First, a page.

Clumping and smudging aren’t the only mascara woes you need to worry about: There’s a good chance the mascara you’re using right now is laced with infection-causing bacteria, according to a new study published in the International Journal of Cosmetic Science.
For the study, researchers from two Brazilian universities tested 40 mascara samples from real women and found that 79 percent were contaminated with staph bacteria. One explanation: The moist, dark environment inside the tube is an ideal place for nasty bacteria to proliferate—especially after the three-month mark, when mascara expires. No big shock, 86 percent of women in the study admitted to using past-its-prime mascara. (Who wants to throw out a half-full tube?)
As much as it might hurt to throw away your expired eye makeup, you should: Mascara that’s older than three months old can increase your risk of pink eye and other inflammatory conditions. “Our eyes are a vulnerable area for infection,” says Kelly Reynolds, Ph.D., a germs expert and assistant professor of public health at the University of Arizona, who was not associated with the study. Although the research was conducted with Brazilian women, Reynolds says that results would likely be similar if researchers were to test the makeup of women in the U.S.
“There are lots of open pores where the eyelashes come out, plus glands and tear ducts.” If you wear contacts, you may also transmit fungus—which can grow on your lenses—from your peepers to your mascara wand, and then into the tube where, in that moist, dark environment, it can proliferate.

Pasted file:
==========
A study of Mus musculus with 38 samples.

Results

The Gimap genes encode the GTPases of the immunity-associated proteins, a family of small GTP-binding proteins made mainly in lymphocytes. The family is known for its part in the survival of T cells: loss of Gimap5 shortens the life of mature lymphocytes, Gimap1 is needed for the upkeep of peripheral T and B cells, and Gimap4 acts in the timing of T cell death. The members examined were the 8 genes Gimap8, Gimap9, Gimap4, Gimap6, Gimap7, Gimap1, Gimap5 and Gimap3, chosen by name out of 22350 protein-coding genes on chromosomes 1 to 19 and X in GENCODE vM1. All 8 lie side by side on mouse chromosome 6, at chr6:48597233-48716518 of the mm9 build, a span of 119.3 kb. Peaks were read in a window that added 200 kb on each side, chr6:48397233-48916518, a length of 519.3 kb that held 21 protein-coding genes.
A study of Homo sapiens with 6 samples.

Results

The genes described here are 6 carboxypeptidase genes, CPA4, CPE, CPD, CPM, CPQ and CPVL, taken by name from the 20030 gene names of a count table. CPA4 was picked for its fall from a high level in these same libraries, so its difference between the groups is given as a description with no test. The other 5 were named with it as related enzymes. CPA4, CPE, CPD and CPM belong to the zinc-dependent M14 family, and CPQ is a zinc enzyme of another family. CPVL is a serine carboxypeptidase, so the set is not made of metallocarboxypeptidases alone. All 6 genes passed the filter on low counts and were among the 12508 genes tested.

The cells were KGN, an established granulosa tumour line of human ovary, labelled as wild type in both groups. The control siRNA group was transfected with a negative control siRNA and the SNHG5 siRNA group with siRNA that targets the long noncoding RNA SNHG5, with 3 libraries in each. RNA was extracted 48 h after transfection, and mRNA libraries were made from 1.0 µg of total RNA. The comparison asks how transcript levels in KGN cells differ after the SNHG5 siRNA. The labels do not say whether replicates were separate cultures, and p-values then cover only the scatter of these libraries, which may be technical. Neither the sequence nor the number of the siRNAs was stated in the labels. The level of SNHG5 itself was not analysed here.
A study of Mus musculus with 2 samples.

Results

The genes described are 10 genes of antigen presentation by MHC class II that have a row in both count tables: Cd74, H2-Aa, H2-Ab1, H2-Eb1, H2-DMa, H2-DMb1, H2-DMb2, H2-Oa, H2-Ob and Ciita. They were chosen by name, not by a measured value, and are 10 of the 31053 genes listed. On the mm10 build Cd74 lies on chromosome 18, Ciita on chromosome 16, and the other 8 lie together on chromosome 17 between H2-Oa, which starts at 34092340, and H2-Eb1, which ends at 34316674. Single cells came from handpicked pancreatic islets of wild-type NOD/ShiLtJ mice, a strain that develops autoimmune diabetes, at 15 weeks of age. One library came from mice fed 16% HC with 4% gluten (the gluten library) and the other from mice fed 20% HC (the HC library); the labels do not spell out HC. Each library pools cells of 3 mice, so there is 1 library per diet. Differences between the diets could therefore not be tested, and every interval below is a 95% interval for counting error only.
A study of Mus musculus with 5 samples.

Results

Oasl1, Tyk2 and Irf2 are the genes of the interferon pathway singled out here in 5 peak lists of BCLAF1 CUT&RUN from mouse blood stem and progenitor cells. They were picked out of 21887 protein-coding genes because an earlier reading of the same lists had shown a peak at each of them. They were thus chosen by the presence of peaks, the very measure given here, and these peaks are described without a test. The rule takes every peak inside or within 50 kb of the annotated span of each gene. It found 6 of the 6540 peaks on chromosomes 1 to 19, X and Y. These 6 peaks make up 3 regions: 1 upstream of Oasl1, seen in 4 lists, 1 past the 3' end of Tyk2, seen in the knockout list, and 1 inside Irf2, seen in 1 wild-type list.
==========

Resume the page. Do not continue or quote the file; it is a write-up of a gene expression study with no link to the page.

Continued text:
Mascara’s not the only cosmetic that women use longer than they should, either. Women in the study also reported using eye pencils, lipsticks or lip glosses, eye shadows, face powders, foundations, and concealers past their expiration dates—but mascara was the most common item used after it had “gone bad.” Unfortunately, it’s also the most dangerous. ”[Makeup products] for the eye area merit special attention because of the proximity and contact with this region, and thus, the higher probability of causing irritation or, if the product is contaminated, ophthalmic infections,” say study authors.
So how can you shield your eyes from bacteria and achieve awesome lashes?
Watch the Clock
The FDA doesn’t require cosmetics companies to print expiration dates on makeup. So Reynolds suggests tracking it yourself: As soon as you open a new tube, program a “toss my mascara” reminder onto your smartphone for three months later. Then do it—even if it hasn’t dried up yet.
This is one time you should be stingy—even with your BFF. She may have bacteria on her skin that doesn’t make her sick but that could cause a nasty infection in you. Reynolds warns that sharing makeup is a prime way to transmit scary germs. So stash your makeup where your gal pals least expect it: your bedroom drawer. As an added bonus, it’s also less conducive to bacterial growth than your bathroom drawer.
Buy Travel-Size Tubes
It’s tough to throw out a tube that still delivers on its curling, volumizing, non-clumping promises. So make sure your mascara runs out faster: Pick up a mini tube, such as the travel-size Benefit Cosmetics BADgal Lash Mascara, sold at Sephora ($10). Sure, it’s a little pricier per ounce than supermarket stuff, but “expensive products can have preservatives that aren’t as irritating,” says Reynolds. “If a chemical causes irritation, you’re going to rub your eyes, increasing vulnerability to infection.”
Rethink Your Regimen
Never apply your mascara before slipping in your contact lenses. “If bacteria from your makeup gets in your eye, then you cover it with a contact lens, the bacteria can grow more rapidly,” says Reynolds. Plus, it’ll be that much easier to see where you’re applying your mascara if you put on your lenses and then grab your wand.